The old Shaker tune, “‘Tis the gift to be simple, ’tis the gift to be free, ’tis the gift to come down where we ought to be,” has been ruminating in my mind for some time now. At times I sing it aloud, at others I hum, but most of the time it is in my head. The tune nudges me to look deeper within, to observe more closely, to listen willingly, and remain receptive to truth. These words and phrases have accompanied a nuanced shift within me. This last little while has been a contemplative time and I have come to a place of ‘right-sizing,’ i.e., to come down where we ought to be.
I am a true solitary. I love people, places, and things, but I cherish my time alone. Those who know me well enough, accept that it is unlikely I will show up at events, parties, and huge gatherings of any kind … most of the time. I have had this penchant for solitude most of my life. I have finally come to accept that I truly enjoy being alone, and that I am not wrong for preferring it for myself. Oh, I am far from reclusive for I have good friends whom I visit, a business life and an artistic calling that requires more than ample human contact on a daily basis. No, my solitude is not about hiding from the world, but it is about what I cherish: huge amounts of time alone … and why.
My day begins at 5:30 a.m. with ordinary, simple acts. I feed my two recently adopted cats, Simon and Ella. And, though our winter has been kind this year, it is still winter after all, so I tend to the wood stove and build a fire. After a brief pause to light a candle and incense as an offering of gratitude for the day, I make a hot mug of freshly brewed loose tea. It is an Assam tea from India, and I cannot imagine a morning without this elegant brew. I relish each step in the process of making the tea, even up to the final moment when I pour the milk into the steaming hot mug. It is usually about 6:30 a.m. when I walk, tea mug in-hand, to my writing table and begin my work for this Chronicle and other musings. I still use a fountain pen dipped in ink, for it keeps me grounded. The sound of the pen’s scratch on the paper is a meditation. It also slows my hand and my thinking to a humanized pace. Yes, I eventually take those notes and ideas to the computer, but I begin at the writing table, with the paper journal, a fountain pen, and a hot mug of Assam tea. Each item is a simple thing, but together they converge into a joyful act of writing and creating.
My companion cats, Simon and Ella, were each about one year old when I adopted them last fall. They are moving works of art. When I write, they play, nestle in my lap, or at my feet, and then take up their favorite positions. Simon’s is at the window and Ella’s is on the soft sofa cushion.
Colette, the French writer, once said, “There are no ordinary cats!” She was right. Simon is huge and dramatic as well as a clown. Ella is small, sleek and elf-like with silken fur and likes to snuggle. Simon, more acrobatic, and all male, presents himself when he wants pets and scratches. They sit on each side of me purring soft sonatas. These are simple acts on their part. Ordinary too. But there is an ephemeral grace to these moments that I hold dear.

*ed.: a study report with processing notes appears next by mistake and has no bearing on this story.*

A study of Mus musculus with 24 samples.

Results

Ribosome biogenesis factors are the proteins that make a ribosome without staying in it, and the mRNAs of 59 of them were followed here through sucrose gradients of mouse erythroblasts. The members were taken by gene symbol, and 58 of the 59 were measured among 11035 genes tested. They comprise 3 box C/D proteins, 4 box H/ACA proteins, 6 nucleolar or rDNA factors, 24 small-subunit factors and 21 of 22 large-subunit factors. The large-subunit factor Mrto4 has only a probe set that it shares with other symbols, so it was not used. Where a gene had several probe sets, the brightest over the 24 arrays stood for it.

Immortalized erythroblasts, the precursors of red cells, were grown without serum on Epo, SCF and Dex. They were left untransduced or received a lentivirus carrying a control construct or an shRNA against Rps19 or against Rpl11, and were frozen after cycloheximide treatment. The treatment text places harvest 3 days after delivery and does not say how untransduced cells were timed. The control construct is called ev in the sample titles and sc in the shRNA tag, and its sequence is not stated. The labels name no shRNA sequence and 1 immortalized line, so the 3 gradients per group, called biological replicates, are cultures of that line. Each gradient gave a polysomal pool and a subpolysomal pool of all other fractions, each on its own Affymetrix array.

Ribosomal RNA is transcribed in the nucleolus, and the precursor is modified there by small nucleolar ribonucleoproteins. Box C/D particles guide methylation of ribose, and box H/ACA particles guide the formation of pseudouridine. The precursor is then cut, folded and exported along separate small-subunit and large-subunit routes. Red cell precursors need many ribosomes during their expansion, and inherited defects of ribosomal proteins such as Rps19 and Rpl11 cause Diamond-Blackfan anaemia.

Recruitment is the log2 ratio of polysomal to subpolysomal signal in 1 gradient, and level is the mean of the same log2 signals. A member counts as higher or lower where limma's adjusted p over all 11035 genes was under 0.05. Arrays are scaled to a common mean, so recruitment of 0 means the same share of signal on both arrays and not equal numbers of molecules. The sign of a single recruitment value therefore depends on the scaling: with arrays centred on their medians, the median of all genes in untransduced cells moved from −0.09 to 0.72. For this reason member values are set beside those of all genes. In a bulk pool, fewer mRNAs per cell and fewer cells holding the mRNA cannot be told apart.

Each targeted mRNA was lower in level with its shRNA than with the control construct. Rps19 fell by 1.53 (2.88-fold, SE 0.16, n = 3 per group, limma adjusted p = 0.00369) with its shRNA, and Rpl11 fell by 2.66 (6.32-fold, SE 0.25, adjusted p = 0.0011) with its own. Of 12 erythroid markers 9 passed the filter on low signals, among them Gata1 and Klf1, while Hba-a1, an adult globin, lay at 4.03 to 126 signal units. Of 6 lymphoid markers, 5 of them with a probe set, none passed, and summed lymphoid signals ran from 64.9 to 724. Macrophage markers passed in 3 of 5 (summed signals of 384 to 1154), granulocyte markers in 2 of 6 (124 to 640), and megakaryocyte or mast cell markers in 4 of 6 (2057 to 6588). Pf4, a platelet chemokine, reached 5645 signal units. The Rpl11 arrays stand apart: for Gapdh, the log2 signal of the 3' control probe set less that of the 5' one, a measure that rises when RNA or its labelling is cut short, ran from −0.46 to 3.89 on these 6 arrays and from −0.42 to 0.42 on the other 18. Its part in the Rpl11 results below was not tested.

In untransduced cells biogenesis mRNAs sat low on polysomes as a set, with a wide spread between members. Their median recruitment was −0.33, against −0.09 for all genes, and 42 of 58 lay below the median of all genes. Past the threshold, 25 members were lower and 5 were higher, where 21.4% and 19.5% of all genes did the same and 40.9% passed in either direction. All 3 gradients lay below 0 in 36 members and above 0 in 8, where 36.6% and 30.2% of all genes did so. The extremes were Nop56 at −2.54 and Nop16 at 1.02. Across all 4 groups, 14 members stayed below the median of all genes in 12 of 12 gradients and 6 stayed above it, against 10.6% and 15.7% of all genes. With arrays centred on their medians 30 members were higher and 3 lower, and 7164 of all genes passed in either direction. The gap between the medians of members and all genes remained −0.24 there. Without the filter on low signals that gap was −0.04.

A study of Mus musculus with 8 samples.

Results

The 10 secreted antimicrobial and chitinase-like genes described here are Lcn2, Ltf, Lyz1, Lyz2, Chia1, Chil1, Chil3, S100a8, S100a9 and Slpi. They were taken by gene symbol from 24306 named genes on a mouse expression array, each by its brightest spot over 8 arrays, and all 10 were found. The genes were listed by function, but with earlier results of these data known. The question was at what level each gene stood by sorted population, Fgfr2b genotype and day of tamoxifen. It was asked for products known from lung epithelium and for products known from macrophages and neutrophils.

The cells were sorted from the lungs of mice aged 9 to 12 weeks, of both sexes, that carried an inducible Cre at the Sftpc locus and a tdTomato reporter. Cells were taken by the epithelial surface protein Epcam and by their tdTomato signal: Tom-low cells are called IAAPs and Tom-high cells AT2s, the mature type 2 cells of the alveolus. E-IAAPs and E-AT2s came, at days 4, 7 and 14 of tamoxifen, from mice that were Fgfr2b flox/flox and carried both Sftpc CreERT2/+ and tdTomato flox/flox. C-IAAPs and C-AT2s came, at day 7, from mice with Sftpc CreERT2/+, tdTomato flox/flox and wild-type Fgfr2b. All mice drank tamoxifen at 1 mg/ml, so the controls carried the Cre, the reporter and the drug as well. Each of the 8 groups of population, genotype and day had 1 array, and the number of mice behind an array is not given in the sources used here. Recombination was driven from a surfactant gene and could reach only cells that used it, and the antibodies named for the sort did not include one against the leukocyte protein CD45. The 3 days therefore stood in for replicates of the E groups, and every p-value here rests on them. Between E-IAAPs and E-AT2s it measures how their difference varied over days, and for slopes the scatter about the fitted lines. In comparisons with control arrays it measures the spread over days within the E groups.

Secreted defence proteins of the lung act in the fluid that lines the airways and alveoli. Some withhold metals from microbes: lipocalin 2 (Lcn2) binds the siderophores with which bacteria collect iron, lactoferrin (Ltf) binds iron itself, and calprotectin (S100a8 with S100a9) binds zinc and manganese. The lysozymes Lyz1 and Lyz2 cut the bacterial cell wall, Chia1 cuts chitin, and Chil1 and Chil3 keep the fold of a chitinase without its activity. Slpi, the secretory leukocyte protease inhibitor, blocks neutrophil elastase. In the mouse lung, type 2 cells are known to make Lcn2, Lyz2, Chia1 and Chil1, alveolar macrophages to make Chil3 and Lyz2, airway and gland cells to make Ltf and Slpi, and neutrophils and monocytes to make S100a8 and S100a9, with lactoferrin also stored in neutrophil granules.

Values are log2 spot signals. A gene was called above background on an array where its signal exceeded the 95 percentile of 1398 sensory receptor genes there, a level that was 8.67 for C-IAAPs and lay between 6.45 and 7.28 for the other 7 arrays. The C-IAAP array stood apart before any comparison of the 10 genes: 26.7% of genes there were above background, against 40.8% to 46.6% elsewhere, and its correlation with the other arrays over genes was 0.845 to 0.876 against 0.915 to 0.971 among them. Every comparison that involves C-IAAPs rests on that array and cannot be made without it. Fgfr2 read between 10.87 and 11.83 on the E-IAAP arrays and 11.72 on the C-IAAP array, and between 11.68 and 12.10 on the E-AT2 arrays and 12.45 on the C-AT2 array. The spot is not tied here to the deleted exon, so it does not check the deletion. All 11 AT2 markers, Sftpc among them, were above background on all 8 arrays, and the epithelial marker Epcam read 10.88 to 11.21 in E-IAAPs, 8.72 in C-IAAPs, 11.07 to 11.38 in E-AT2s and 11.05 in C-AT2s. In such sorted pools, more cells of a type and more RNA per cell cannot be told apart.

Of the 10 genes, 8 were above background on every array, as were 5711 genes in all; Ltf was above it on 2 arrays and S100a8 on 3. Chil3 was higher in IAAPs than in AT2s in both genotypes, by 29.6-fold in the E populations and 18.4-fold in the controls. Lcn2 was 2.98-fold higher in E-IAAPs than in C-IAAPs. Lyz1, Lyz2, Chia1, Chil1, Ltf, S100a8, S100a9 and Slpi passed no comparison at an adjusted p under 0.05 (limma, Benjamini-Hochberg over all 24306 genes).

I do venture into the world, and on this particularly warm January day, I was presented with what I believe to be visual perfection. I am an avid lover of trees, bare limbs, twigs … anything that in its simplicity expresses perfection. A tree at the end of a hay field amidst a fog about to lift is rather ordinary. This one though was speaking loudly saying, “Look at me! I am so strong, so vital, that you can see me through the fog! I am perfection in this Universe!”
On another occasion, I stopped at a French bistro in Hudson, NY to have a special breakfast, for their crepes are superb and the coffee rich. I was the only one there, and after sitting for a short while taking in the environment, my camera settled on two images. The first: just two chairs, a sign, and mirror.
Ah, but the second image took me back to a story I wrote about my mother and me traveling in Georgia in the late 1950s, a grand old black man with gnarled hands, and a red Coca-Cola ice chest.
Recently, I swung into Columbia County to visit Olana, the home of Frederic Church. The grounds represent Church’s largest canvas in my opinion and what a grand achievement it is! But, rather than taking pictures of the vast landscape and stunning Hudson River views, I chose this small twig bench, tucked away in a wooded area.
These days consisted of ordinary, simple acts and things. I think I was able to see them because for the past few months I created a quiet space within. I no longer attempt to add twenty hours to my day either. My work, both my art and business, are important to me and they do demand much from me at times, each in their own way. However, I remain a solitary, seeking my own truths, trying to keep it simple.
It finally snowed just a few days ago. I was passing from my studio into the dining room, when I saw Ella and Simon at the front window. They held this pose, I would like to think, just for me. I walked softly to grab my camera and when I returned, they were still in rapt attention observing a squirrel scurrying about the tree just outside the window.
Simple acts. Simple things. How perfect.
A SPECIAL THANK YOU TO:
Art Murphy, a wonderful photographer, who inspired me to work with a small Canon PowerShot point and shoot. Thank you Art! It was a blast.